Seventeen years ago today Bernard Gilkey became a Met, obtained from the Cardinals for pitchers Eric Ludwick, Erik Hiljus, and Yudith Orozio. He had a monster year in 1996 with the kind of jump in offense (and subsequent drop-off) that sets steroid conspiracy theorists’ tongues wagging. The numbers certainly look suspicious at first glance:
Bear in mind, however, that in 1995 Gilkey was primarily a lead-off hitter. Taking that plus the 125 additional plate appearances in 1996 into account, the leap is significant but not quantum, especially given that in front of him and behind him, Lance Johnson and Todd Hundley had career years. The former amassed a league-leading 227 hits and 21 triples, while the latter swatted a club record 41 homers.
It’s not unlike the case of Tommy Herr a decade earlier. In 1984 he hit four home runs, drove in 49 runs, and had a .681 OPS. In 1985, batting third ahead of that year’s stolen base champ Vince Coleman and batting champion Willie McGee, and with the always-dangerous Jack Clark (OPS+ 149) hitting clean-up, Herr’s numbers jumped to eight home runs, 110 RBI, and a .795 OPS.
Gilkey’s decline in 1997 (and beyond) has been attributed to everything from eye problems to a change of batting coach to alcohol to trying too hard to live up to the four-year, $20.4 million contract he signed in October of 1996.
"I don't like to wear them, period. I’m not far enough from the pitcher where I can't see." –Bernard Gilkey on the subject of contact lenses
Steroids are a possibility, of course, but his name is not in the Mitchell Report even though several Mets from that era, including Hundley, are. So, while puns like ”Gilkey as charged” may come readily to mind, the fact is that the jury is still out on this one.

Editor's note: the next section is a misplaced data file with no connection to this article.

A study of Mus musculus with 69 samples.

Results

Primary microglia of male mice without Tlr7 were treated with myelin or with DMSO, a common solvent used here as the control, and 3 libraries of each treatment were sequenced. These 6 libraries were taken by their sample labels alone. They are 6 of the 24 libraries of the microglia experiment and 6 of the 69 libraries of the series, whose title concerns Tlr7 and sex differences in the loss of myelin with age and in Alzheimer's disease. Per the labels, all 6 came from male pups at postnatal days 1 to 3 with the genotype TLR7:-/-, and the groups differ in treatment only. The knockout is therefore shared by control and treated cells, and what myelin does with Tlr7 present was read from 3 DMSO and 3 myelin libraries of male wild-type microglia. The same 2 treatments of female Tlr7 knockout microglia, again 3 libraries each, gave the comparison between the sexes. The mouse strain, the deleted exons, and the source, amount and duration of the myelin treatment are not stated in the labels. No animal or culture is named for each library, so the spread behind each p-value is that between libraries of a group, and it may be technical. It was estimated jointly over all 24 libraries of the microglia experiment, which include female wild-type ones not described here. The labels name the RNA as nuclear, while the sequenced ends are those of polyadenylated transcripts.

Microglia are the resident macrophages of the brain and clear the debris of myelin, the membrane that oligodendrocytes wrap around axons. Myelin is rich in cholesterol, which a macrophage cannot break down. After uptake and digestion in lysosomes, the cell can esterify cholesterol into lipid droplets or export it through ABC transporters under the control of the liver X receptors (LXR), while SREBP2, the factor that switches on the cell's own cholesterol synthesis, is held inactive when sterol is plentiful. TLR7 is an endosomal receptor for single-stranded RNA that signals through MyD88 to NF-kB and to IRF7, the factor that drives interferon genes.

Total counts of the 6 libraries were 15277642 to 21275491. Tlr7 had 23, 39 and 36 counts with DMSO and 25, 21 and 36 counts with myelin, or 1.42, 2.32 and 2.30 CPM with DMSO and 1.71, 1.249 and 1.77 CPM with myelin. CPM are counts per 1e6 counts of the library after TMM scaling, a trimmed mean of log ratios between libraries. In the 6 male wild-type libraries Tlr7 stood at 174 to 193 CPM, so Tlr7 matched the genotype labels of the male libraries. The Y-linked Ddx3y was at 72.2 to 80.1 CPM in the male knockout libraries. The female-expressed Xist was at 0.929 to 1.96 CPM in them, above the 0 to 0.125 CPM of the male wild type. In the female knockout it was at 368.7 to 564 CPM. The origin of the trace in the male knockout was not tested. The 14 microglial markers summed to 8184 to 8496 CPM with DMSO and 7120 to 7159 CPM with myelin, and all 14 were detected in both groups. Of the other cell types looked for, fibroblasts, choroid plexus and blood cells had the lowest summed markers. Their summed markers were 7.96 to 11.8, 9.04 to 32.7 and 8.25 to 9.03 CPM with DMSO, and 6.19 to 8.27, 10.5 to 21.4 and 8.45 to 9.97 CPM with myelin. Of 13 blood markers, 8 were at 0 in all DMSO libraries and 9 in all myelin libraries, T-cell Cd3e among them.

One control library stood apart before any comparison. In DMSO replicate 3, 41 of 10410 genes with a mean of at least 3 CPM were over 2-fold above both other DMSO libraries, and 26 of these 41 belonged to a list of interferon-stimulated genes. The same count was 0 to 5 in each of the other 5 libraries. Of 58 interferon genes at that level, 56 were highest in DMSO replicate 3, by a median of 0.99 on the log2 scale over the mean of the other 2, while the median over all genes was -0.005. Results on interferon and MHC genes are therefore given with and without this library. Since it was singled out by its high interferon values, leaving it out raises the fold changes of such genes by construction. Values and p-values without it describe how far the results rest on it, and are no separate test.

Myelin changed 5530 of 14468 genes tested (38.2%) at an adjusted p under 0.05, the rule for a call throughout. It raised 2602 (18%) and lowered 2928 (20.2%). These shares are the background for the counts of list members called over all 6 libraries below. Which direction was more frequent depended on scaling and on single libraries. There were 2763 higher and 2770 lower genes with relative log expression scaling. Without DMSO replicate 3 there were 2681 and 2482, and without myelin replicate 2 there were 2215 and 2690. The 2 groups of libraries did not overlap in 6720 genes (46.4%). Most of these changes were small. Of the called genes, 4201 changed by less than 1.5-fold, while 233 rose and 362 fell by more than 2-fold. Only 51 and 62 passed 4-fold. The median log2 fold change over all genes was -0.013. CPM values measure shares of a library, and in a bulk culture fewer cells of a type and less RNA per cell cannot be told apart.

Wayne Kirby, who turns 49 today, was one of 19 players who spent time patrolling the outfield for the 1998 Mets. His primary duties were as a pinch runner and late-inning defensive replacement for Butch Huskey. His only offensive contribution worth noting came on June 25, when he hit a pinch triple in the bottom of seventh against the Orioles and scored the tying run on a Mike Piazza sac fly in a 3-2 Mets win.
Amazin’-ly Tenuous Connection
The late Golden Globe Award-winning actress Ann Sothern was born on this date in 1909.
In 1965 she voiced the title character in the classically bad TV sitcom, "My Mother, The Car." In the pilot, while trying to convince her son (played by Jerry Van Dyke) that she is indeed his late mom, reincarnated as a 1928 Porter, Ms. Sothern intones through the car's radio: "I understand there's a baseball team called the Mets. If THAT'S possible, I'M possible." And that was one of the funnier lines.